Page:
Without access to the kind of imaging equipment normally available to CERN scientists it's hard to verify Canon's claim that the print heads on the Pixma iP4600 can hit a spot a mere 1/9,600th of an inch in diameter with just a single picolitre of ink.
Still, this doesn’t really matter when you consider that the photos it produces are best in class by a margin, and indistiguishable from professional prints to the naked eye.
Despite the fact that its photo engine uses just four colour cartridges, the dye-based inks produce rich, hyper-real pictures with deep blacks and punchy, bright reds that flatter the skills of even the most amateur photogapher.
If there's a criticism, it's that occasionally the bundled driver can oversaturate a shot, giving rosy-cheeked children the kind of skin tone usually seen in the alcoholic atmosphere of old gentlemen's clubs.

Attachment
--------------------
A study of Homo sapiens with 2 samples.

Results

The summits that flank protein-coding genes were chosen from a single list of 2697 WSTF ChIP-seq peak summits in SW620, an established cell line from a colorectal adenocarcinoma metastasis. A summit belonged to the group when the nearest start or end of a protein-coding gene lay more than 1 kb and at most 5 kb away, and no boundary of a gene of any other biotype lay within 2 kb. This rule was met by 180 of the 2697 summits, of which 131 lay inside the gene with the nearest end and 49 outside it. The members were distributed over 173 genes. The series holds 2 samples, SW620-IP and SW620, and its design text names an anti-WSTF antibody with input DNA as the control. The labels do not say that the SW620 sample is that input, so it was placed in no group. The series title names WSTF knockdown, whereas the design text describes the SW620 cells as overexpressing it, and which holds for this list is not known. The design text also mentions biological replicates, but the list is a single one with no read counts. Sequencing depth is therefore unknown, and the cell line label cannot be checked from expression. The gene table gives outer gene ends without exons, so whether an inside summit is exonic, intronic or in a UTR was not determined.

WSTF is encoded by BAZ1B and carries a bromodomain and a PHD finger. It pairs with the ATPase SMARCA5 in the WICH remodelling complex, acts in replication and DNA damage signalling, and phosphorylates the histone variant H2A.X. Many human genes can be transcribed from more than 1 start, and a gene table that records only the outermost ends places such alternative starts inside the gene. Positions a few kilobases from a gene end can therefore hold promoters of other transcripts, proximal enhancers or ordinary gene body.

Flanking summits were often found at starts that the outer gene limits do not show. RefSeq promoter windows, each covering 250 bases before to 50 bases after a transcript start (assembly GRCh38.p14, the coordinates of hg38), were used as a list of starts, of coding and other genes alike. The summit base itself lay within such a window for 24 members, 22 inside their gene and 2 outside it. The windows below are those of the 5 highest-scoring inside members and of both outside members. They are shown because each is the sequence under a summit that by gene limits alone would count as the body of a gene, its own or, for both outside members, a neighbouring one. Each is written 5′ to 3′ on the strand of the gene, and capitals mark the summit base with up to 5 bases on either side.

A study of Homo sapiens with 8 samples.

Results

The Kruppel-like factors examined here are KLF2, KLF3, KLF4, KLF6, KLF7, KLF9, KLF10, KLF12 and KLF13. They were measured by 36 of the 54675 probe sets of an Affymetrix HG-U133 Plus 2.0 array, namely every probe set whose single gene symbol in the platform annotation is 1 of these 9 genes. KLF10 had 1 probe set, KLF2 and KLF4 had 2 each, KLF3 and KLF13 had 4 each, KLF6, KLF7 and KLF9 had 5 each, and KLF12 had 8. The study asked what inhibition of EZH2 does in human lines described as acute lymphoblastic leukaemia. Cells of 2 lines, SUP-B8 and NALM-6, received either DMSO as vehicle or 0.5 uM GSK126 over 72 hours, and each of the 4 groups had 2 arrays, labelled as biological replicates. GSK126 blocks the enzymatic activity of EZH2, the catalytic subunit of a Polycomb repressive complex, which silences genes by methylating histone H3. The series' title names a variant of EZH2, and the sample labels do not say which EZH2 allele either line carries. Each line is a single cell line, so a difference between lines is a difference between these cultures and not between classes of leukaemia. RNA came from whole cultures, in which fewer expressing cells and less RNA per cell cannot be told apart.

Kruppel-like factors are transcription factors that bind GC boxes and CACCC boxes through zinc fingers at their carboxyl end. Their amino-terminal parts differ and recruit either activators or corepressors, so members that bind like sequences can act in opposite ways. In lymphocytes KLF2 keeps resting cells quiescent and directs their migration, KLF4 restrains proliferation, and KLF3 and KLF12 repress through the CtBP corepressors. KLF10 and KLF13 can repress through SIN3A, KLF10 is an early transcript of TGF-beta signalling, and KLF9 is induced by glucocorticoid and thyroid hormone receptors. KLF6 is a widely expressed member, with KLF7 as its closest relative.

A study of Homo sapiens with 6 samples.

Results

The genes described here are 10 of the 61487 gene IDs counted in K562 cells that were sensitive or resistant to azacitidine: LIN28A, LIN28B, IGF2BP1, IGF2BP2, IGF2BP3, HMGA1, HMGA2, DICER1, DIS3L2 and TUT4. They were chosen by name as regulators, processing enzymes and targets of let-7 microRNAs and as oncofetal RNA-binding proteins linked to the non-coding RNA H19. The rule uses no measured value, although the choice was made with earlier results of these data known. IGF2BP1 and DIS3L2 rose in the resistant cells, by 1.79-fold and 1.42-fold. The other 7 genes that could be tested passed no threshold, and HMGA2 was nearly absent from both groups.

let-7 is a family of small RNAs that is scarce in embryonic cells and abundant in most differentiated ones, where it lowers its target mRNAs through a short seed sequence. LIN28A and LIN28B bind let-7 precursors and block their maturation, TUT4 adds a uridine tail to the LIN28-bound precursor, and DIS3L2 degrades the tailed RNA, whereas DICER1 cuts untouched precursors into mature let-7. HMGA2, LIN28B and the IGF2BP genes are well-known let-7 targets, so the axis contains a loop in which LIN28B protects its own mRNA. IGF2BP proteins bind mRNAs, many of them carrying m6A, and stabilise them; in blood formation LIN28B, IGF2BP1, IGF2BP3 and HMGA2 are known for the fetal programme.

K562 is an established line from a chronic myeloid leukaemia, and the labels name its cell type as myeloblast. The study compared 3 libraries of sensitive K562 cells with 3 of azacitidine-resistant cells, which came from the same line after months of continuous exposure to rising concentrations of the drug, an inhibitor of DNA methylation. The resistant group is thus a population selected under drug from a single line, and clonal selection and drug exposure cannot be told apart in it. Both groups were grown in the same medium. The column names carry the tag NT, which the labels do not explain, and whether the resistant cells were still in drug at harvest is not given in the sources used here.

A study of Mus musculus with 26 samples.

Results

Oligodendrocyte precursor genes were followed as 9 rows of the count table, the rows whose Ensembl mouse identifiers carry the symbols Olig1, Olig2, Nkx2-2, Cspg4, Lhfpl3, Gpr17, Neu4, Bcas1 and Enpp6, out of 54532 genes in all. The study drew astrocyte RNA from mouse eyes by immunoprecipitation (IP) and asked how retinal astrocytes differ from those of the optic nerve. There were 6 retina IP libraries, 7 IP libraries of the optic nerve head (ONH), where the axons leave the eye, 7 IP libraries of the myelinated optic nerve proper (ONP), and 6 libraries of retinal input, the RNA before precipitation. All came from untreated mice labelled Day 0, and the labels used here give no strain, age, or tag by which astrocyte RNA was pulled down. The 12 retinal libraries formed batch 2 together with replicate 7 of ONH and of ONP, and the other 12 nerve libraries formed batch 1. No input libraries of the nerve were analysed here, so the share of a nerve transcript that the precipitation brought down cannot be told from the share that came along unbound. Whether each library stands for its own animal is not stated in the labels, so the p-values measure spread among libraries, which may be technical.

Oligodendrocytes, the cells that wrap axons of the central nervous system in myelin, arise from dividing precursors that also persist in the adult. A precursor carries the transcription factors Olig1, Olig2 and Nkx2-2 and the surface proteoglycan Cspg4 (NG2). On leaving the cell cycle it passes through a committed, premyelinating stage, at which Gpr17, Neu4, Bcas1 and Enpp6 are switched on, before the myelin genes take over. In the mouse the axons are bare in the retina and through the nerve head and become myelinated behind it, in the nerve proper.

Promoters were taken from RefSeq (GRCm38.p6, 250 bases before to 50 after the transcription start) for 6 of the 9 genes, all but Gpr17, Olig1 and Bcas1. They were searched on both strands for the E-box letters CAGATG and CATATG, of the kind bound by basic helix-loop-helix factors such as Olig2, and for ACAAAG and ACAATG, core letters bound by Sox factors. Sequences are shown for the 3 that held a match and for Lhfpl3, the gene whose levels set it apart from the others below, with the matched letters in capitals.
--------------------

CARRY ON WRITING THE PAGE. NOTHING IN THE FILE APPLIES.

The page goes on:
That's easily tuned out, though, and if you throw in the fact that a test 6x4 print can be produced in around 30 seconds or less, without too much in the way of background noise, and you have a worthy successor to Canon's previous flagship model, the iP4500.
Also good at text
Text may not be sexy, but it is unusually sharp on the iP4600, thanks to a second, pigment-based black cartridge. Running costs, too, are quite reasonable – we got 80 images before the photo black had to be replaced, while the cyan, magenta and yellow tanks lasted between four and five times that length. Each cartridge costs around £8.
There's only one reason not to pick the Pixma, and that's the fact that tethering a printer to a single PC is starting to feel quite old fashioned. The iP4600 has just one additional USB port for printing from a standalone camera, unsupplemented by even a built-in card reader, let alone network sharing options.
An emphasis on photos, not flexibility, is getting the priority right: we just hope that this excellent print engine is matched to a fully networked model soon – it's an odd hole in Canon's current line up.